Microsoft Skydrive: 10 clouds aren't better than one


Microsoft revamps Skydrive, reminding us that this cloud thing was supposed to make finding our data easier, not harder.

Cloud storage was supposed to be about centralising your data in one place, allowing you access from the myriad devices that you want to access it from. But over time it seems that this ideal is becoming more and more fragmented, as more and more products come with their own version of cloud storage built in.

This is exemplified by Windows 8 and its deep ties to Microsoft’s Skydrive service. While it has been around for some time, both Windows 8 and Office 2013 are designed to integrate tightly with the service. To facilitate this Microsoft has announced that it is revamping Skydrive, with a new Metro Windows 8 style interface as well as applications for PCs, Macs and Android.

Given the aforementioned expectations that a cloud service is a place to access your data from multiple devices, this is a good thing. But it emphasises just how many different iterations of the same thing that we have to deal with on our devices.

In our office we use Dropbox extensively. It’s a great way to not only store personal data, but to share between members of the team. We also use Google docs a lot, which now means we are using Google Drive. Apple afficiandos in the office add iCloud to this list. Now simply because we have some test systems running Windows 8 we’ll be incorporating Skydrive into our cloud portfolio.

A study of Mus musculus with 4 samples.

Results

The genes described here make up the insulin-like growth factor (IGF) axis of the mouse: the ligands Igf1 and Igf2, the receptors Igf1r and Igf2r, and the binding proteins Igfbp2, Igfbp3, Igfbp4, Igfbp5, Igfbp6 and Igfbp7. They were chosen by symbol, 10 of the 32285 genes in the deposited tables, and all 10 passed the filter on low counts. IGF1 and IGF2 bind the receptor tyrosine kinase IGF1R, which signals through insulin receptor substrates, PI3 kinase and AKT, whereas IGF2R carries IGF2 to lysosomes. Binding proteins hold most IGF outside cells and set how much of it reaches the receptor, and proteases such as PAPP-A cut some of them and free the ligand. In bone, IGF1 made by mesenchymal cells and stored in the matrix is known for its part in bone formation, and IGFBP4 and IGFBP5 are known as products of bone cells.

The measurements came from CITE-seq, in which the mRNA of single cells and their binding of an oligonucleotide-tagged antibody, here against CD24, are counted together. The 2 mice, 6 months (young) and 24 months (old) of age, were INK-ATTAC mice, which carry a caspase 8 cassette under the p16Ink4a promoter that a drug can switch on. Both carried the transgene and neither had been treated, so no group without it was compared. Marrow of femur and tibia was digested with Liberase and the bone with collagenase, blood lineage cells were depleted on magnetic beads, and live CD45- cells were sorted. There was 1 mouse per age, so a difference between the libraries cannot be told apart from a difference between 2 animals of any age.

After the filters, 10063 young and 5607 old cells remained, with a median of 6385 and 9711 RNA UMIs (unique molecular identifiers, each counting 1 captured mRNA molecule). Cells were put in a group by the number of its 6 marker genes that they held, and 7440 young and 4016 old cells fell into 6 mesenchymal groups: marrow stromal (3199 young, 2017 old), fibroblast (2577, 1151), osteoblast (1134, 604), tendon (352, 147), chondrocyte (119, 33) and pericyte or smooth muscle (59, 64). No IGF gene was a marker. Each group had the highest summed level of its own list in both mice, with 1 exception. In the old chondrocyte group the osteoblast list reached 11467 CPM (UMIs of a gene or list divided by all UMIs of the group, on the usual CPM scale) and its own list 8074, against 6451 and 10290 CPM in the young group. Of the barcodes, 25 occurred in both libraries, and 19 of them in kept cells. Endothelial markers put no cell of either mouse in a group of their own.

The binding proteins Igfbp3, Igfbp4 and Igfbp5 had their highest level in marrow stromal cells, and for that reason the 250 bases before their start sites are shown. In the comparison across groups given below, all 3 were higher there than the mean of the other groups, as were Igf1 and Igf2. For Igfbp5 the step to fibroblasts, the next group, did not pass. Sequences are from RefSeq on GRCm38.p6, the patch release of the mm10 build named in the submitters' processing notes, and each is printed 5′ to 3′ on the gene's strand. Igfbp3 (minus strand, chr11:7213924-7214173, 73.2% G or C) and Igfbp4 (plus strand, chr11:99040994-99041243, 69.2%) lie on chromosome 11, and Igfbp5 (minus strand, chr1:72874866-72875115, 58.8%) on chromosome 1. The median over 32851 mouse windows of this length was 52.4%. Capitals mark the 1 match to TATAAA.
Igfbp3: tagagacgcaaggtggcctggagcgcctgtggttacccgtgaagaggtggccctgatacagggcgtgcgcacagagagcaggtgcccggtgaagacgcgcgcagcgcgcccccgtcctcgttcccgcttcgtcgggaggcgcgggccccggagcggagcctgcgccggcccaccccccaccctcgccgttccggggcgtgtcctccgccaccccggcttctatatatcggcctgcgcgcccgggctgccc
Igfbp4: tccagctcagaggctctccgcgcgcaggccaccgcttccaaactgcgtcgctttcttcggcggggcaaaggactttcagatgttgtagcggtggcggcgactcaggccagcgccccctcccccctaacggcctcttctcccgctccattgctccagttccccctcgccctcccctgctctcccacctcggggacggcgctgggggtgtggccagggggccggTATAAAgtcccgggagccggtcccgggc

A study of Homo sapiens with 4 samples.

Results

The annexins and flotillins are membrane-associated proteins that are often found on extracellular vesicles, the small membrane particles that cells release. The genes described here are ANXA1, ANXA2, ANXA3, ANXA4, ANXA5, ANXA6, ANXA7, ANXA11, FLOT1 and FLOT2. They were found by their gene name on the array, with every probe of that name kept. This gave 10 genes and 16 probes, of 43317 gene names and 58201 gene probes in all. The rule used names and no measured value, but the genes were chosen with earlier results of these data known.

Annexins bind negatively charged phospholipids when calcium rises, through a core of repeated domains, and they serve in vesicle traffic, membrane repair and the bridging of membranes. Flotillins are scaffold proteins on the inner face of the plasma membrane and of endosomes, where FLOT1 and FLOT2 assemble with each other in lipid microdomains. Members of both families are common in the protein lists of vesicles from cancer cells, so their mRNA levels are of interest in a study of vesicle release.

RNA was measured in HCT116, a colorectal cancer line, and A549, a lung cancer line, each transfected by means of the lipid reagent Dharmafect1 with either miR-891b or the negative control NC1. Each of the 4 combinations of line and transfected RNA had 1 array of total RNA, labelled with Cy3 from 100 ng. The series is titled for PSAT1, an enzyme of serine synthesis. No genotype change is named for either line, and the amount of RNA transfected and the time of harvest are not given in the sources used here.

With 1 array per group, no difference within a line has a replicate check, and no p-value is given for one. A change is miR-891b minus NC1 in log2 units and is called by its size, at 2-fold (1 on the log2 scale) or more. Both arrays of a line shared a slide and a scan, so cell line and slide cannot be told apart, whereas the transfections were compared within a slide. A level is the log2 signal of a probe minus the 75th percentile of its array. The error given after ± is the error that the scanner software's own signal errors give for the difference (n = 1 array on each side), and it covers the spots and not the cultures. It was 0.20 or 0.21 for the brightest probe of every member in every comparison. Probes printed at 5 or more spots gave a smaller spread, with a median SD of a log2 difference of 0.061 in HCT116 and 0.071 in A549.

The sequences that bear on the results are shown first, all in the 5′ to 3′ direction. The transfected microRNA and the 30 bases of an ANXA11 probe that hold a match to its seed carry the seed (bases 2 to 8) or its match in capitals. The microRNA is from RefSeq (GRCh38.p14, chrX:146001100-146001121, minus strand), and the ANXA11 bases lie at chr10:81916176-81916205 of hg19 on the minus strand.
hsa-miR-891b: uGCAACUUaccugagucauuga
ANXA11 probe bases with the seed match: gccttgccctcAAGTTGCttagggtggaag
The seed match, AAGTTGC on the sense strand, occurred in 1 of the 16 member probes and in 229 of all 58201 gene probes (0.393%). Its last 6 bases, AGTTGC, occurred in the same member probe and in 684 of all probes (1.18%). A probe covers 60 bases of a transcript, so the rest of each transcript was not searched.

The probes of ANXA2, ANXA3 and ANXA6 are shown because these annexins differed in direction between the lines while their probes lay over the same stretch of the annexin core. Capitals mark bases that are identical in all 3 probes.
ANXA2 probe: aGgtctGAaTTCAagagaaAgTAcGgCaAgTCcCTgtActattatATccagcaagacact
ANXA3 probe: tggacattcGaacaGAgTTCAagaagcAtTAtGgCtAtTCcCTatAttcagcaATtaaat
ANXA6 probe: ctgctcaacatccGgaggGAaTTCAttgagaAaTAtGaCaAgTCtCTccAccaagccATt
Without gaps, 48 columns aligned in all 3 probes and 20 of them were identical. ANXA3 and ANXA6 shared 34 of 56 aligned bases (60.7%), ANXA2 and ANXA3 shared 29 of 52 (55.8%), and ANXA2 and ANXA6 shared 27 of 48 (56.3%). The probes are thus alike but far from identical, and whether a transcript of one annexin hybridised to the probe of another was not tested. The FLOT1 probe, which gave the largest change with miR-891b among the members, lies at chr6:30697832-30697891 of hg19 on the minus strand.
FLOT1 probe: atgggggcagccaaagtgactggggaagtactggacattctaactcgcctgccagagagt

That is three storage services at our disposal, all used in different ways but all effectively doing the same thing. We aren’t even including the other, more transparent, cloud storage in our lives, things like Steamcloud, Evernote and Flickr.

Each time we find ourselves dragged into another services there is another set of apps to worry about, another password to remember, and a few more seconds of confusion as we try and work out which file is where.

It now seems that the only way to get users for a cloud service is to tie it intrinsically into an important part of our technological lives. Why can’t we use Dropbox as our go-to solution for storing everything, rather than needing to shove docs written in Google Apps onto Google Drive, and those done in Office onto Skydrive?

It is a situation that will undoubtedly continue to get worse and worse as time passes. Rather than centralise our digital existence, it seems that we are destined for a future in which it is smeared all over the internet, with little pockets of data rather than a single repository the reality of the cloud.